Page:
Selling Data Protection to the C-Suite

JUNE 5TH, 2017

If you work in IT, you know what’s at stake if your company doesn’t regularly upgrade its data protection solution. But the C-Suite? They don’t always get it.

The C-Suite may look at upgrading its current data protection as an optional insurance policy that they aren’t interested in buying. And if you’re pitching time savings for the salaried IT department as a perk, the C-Suite may not view your convenience as a compelling argument for spending company dollars.

Anyone in the C-Suite who did not advance through the ranks of the IT department may not share your deep understanding of the business’s overall IT needs. So you may need to educate them on the risks inherent in businesses that rely on data and connectivity to function — which, in 2017, is every business.

The business case for data protection is clear

In most cases, the investment to upgrade backup and recovery solutions will pay for itself during the first ransomware attack or site disaster. A Texas healthcare network that uses Arcserve’s UDP Appliance, successfully faced down four ransomware attacks within an 18-month period. Some of those attacks were so severe, affecting so many aspects of the system’s data, that a recovery effort without Arcserve’s backup utility would have cost at least $50,000.

To win over skeptical members of your company’s C-Suite to fund necessary upgrades to your data protection solution, it helps to get your CIO or director of IT on board with the plan. You can do this by equipping them with all of the latest information about the risks, benefits, recovery times, and costs of upgrading compared with the status quo. As a team, you can help shift the conversation from focusing on the cost of the upgrade to the greater potential cost of not upgrading.

Here’s how to build a compelling argument to prove the need for additional investment in data protection.

Discuss threats to your data

Any business that does not have an adequate data backup and recovery solution is leaving itself open to a ransomware attack or to incurring massive losses from a site disaster — not to mention the ordinary, everyday impact of human error. Ransomware attackers only restore data in about half of cases where they receive payment, and in some of those cases, the businesses only receive partial or corrupted data. So, in addition to the loss of the ransom, businesses without adequate backup and recovery solutions still face the task of recreating data or starting over.

And if losing your own critical business data isn’t enough, depending on your industry, you may face regulatory scrutiny following an attack concerning your data protection policies. If regulators find that your negligence in protecting your data and your customers’ data exposed your customers to attackers — think about healthcare organizations and anyone that processes credit cards — you could face serious damage to your business reputation.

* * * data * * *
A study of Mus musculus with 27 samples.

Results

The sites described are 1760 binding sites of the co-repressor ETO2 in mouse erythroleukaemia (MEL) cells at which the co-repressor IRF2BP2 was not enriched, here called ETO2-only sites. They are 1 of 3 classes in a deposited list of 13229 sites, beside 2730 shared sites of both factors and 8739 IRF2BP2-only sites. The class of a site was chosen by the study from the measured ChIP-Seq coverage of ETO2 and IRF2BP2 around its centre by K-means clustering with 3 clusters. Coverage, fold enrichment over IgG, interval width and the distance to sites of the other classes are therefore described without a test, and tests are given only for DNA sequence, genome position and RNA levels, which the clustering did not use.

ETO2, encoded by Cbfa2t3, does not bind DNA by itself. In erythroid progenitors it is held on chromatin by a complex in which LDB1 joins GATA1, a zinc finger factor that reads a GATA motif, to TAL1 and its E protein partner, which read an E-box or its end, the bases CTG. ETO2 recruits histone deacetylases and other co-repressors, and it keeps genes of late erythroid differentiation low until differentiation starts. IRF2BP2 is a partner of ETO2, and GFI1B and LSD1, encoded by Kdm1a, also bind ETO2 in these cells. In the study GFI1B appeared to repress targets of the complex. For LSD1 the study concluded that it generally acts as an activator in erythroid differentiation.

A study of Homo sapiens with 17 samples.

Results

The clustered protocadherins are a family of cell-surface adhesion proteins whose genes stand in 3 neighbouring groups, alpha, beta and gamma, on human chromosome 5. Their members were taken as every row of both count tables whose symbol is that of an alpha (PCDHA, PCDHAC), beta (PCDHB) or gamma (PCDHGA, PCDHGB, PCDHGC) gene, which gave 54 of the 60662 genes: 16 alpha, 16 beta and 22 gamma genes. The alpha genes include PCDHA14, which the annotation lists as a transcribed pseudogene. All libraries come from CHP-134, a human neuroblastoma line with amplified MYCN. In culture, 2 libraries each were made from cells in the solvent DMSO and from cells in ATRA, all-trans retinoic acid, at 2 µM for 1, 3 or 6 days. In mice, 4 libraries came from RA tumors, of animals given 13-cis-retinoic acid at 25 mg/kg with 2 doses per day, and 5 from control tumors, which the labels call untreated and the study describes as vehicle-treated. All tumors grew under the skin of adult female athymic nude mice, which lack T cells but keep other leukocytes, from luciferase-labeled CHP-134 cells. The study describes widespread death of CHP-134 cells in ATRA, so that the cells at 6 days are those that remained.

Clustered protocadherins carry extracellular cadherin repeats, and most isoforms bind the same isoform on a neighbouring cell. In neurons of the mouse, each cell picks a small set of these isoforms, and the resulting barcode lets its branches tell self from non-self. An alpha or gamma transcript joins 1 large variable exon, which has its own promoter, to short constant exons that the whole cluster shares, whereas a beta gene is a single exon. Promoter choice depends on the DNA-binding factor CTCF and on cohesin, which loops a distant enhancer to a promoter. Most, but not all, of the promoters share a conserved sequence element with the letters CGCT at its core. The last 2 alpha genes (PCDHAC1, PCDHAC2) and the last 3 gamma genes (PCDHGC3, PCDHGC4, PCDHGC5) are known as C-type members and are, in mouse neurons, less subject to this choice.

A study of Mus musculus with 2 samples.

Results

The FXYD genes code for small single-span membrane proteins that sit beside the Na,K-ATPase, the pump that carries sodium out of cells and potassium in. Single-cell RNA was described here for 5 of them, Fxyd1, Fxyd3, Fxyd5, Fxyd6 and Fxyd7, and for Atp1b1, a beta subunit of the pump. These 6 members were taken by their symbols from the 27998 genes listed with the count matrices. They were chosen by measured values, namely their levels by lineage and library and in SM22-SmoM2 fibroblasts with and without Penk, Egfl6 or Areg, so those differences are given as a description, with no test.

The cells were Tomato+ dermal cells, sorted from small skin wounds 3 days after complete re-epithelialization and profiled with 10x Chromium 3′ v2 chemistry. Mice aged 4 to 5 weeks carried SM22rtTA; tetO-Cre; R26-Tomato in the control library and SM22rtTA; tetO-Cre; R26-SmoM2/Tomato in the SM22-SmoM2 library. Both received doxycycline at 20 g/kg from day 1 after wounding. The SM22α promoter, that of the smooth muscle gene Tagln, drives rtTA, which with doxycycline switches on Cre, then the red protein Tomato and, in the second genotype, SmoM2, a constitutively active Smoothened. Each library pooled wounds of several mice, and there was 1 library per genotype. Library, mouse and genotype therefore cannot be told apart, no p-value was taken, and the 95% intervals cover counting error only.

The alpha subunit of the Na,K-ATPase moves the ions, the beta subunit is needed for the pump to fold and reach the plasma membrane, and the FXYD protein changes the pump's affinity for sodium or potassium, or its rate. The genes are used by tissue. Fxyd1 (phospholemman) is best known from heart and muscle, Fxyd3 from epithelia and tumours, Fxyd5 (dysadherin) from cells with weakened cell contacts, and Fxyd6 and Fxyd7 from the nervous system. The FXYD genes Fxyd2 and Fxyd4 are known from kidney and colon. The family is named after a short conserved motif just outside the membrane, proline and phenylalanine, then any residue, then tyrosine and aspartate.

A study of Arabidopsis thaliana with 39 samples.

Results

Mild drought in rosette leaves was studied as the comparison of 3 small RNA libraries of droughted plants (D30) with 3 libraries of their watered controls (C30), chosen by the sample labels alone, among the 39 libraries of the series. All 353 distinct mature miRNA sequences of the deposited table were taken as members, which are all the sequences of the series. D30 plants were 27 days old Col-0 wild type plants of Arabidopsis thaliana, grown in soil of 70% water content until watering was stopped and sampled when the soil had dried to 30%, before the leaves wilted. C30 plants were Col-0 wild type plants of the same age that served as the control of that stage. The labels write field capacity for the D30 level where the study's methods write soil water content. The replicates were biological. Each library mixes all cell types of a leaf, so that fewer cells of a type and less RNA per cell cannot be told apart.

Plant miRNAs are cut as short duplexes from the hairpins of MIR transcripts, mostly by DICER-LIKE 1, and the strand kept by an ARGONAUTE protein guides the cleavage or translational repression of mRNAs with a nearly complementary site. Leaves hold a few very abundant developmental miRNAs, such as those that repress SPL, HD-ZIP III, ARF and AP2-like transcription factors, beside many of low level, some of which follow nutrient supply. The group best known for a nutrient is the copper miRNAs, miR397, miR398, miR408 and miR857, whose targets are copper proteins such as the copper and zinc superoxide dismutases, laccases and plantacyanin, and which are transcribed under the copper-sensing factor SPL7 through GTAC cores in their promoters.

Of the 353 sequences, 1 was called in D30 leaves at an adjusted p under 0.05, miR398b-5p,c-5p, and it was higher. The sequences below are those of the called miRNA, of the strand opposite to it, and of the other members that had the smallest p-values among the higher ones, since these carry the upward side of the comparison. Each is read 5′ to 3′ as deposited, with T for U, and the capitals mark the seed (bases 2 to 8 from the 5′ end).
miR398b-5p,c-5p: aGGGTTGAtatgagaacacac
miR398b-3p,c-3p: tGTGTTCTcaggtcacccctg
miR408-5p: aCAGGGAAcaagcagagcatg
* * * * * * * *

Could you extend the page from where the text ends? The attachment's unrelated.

Evaluate your current data protection solutions

The constant need for upgrades to software and hardware in IT can feel like a drain on the organization in the face of other competing expenses. A CFO may look at the upgrade from three years ago and consider it “good enough” unless you make clear exactly what outcome the business would most likely face in the event of an attack.

Under the current setup, recovery might be so slow that it would cripple the business for a week. Some data might still be lost because of inadequate storage or infrequent and unsuccessful backups. Every hour that servers are down after an attack could result in lost productivity and lost sales. How will the business be impacted if the electronic doors won’t open? If the credit card machines are offline? How will your sales team function for a week if they can’t access the data in their customer-relationship management software?

An upgrade to the business’s backup and recovery solution could dramatically improve recovery time, mitigating all of these risks. If you can estimate the amount of money that would be lost in such an attack from both recovery efforts and decreased productivity, you’ll be able to present a more compelling argument.

Take a big picture, business-level view of IT investment

IT impacts every facet of a business, from performing daily communication, to maintaining client records, to conducting transactions with point-of-sale equipment. IT is no longer just an expense. In most businesses, it forms the foundation of the entire operation. An IT department that wastes hours each day performing backup routines that could be automated, for example, is an IT department that invests less time identifying efficiencies and process improvements in other areas of the business.

Lost time in the IT department is not just an inconvenience, it’s a drain on the whole organization.

Reduce costs when you apply the right level of protection to each type of data

Every business faces the risk of data loss. But that doesn’t mean every type of data requires tight RPOs and RTOs, which can drive up costs.

Some applications are critical to business operations 24/7, like point-of-sale applications, while others are less of a priority to recover quickly. Your marketing team can probably survive without access to its brochures for several days, for example.

By categorizing your data by RTO requirements, you can adopt a mix of good, better, best solutions to optimize your budget.

Take a strategic approach to get your C-Suite green light

Convincing the C-Suite to invest in data protection is simply a matter of pitching the bottom line outcome of taking action versus not taking action. Yes, it hurts to spend money in order to save money, but the risk of leaving data unprotected is a risk that no business can afford to take.